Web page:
Friday, 05 June 2009 09:30

Suits Charging Illegal Surveillance Dismissed

Written by  Steven J. DuBord

circuit boardThe Electronic Frontier Foundation (EFF) reported on June 3 that U.S. District Judge Vaughn Walker has dismissed dozens of lawsuits charging illegal spying on Americans through warrantless surveillance. The EFF and the American Civil Liberties Union (ACLU) plan to appeal the decision to the 9th U.S. Circuit Court of Appeals.

 

The cases sought to hold telecommunications companies accountable for taking part in President Bush’s program for eavesdropping on millions of American citizens without cause and without warrants. Judge Walker ruled that the companies had immunity under the 2008 FISA Amendments Act voted for by then-Senator Barack Obama and signed by President George W. Bush. The act allows suits to be dismissed if the government secretly certifies to the court that either there was no surveillance, the surveillance was legal, or that the president authorized the surveillance. The government is thus able to protect its partners in crime and ensure that other companies will be more likely to participate.

 

EFF Legal Director Cindy Cohn expressed extreme disappointment with the ruling: “The retroactive immunity law unconstitutionally takes away Americans' claims arising out of the First and Fourth Amendments, violates the federal government's separation of powers as established in the Constitution, and robs innocent telecom customers of their rights without due process of law.” Ann Brick, an ACLU staff attorney, said: “The immunity legislation that the court upheld today gives the telephone companies a free pass for flouting the law and violating the privacy rights of millions of their customers.”

 

Article I, Section 9 of the U.S. Constituion explicitly prohibits retroactive (ex post facto) laws, stating: "No bill of attainder or ex post facto law shall be passed." The Fourth Amendment prohibits "unreasonable searches and seizures."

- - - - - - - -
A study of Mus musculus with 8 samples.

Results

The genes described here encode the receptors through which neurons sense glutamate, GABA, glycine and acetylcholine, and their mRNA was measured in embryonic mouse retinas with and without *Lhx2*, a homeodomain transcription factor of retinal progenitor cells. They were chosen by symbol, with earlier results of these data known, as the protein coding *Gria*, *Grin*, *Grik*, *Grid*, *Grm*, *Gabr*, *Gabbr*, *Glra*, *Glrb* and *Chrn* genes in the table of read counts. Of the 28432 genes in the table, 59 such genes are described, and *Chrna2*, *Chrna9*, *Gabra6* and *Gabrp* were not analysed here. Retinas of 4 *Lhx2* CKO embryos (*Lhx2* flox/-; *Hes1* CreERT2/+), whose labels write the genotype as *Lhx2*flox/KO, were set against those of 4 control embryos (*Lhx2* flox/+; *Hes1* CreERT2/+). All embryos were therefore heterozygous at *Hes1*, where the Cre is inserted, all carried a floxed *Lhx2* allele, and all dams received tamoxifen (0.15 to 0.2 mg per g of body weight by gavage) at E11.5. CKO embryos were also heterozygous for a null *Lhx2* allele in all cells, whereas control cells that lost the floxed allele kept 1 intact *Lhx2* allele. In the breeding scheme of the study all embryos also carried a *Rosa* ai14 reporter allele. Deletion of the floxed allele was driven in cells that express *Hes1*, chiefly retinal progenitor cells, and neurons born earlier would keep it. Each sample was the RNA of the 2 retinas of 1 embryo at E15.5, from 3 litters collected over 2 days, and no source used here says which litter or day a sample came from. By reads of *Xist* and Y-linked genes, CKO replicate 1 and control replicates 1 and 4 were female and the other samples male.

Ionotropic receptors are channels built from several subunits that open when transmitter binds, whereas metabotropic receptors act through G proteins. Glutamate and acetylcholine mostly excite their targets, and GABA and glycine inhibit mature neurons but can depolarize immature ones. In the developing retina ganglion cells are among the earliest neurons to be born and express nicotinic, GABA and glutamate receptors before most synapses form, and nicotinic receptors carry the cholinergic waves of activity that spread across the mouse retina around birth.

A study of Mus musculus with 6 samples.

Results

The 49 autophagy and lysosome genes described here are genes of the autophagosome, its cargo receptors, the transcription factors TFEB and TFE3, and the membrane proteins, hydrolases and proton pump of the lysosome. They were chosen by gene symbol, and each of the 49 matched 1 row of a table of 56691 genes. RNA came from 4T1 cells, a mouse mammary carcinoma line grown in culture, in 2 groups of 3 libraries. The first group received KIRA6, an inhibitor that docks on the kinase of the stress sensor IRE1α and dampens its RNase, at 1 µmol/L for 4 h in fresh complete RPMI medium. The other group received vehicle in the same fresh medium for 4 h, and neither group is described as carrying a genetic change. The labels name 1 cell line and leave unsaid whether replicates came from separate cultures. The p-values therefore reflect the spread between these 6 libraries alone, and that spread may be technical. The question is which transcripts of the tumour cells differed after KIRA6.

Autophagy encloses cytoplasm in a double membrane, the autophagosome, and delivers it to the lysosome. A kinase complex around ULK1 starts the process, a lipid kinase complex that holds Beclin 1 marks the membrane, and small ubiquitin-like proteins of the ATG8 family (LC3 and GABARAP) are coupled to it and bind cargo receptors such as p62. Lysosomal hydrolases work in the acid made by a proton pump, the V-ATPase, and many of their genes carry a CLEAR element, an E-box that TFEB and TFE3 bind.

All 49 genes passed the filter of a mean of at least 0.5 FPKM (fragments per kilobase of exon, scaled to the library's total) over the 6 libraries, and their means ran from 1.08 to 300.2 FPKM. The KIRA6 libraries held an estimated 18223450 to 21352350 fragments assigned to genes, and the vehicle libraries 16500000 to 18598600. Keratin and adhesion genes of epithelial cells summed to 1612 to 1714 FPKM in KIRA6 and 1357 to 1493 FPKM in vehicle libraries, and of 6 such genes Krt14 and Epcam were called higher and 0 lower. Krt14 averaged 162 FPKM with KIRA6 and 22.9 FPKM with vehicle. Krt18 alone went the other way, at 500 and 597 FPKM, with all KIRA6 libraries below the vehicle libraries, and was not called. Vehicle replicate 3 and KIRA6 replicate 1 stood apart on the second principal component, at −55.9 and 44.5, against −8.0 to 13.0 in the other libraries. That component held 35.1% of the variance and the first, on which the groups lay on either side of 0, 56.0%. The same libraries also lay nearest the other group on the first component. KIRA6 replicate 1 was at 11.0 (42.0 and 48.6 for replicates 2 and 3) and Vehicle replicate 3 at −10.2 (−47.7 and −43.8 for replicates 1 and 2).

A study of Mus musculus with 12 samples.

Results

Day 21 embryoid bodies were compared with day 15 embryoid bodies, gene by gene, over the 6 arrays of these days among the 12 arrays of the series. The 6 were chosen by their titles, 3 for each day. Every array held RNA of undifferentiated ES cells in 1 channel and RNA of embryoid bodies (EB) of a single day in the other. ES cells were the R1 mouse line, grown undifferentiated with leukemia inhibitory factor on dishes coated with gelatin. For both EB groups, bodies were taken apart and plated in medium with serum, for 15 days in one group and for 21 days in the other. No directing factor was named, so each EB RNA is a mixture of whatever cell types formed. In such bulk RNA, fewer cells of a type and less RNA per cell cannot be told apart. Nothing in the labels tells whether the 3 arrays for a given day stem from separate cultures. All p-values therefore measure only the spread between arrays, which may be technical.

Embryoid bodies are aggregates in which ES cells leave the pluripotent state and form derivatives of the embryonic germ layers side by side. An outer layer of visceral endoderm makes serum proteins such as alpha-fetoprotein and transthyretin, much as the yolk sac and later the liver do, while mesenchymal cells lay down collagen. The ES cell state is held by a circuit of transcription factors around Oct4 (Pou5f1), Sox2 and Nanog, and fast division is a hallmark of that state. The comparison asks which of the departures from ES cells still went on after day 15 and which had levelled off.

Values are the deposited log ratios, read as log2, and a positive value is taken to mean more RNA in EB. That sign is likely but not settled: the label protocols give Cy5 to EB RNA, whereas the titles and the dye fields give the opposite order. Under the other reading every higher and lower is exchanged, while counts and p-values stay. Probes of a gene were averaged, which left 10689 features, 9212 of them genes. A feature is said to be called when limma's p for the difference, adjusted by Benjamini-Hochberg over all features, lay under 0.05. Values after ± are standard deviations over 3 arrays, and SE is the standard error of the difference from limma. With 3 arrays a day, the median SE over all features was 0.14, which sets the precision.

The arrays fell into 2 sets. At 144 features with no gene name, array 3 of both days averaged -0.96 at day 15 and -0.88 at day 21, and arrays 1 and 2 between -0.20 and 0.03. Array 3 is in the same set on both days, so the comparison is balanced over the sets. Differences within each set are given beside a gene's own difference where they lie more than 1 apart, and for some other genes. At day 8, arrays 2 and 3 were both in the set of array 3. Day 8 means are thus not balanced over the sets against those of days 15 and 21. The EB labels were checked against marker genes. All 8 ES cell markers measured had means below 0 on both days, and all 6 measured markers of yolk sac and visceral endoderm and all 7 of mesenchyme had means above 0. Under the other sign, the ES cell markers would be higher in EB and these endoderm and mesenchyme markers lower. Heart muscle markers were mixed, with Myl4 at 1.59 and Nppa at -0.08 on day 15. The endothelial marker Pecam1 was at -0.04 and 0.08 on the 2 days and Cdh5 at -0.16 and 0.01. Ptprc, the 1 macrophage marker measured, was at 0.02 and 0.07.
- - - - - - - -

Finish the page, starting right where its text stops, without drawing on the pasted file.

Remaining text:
Judge Walker did leave open the possibility of holding the government accountable: “Plaintiffs retain a means of redressing the harms alleged in their complaints by proceeding against governmental actors and entities who are, after all, the primary actors in the alleged wiretapping activities.” Small comfort, being told to finance a legal battle against the might of the federal government.

 

The right of Americans to be secure from search and seizure unless warranted through due legal processes is rapidly disappearing. The mere whim of the president is a sufficient excuse for the courts to stand aside and let our rights be trampled. It is not enough that we are virtually strip-searched at airports, we must now suffer intrusion upon our most private conversations.

President Obama quoted Thomas Jefferson in his recent Cairo speech: "I hope that our wisdom will grow with our power, and teach us that the less we use our power the greater it will be.” It is a pity the president does not see this as applying to a government’s power over its own citizens. Congress may be more responsive. Americans must contact their representative and senators as these issues arise and vote into office those who will protect our rights.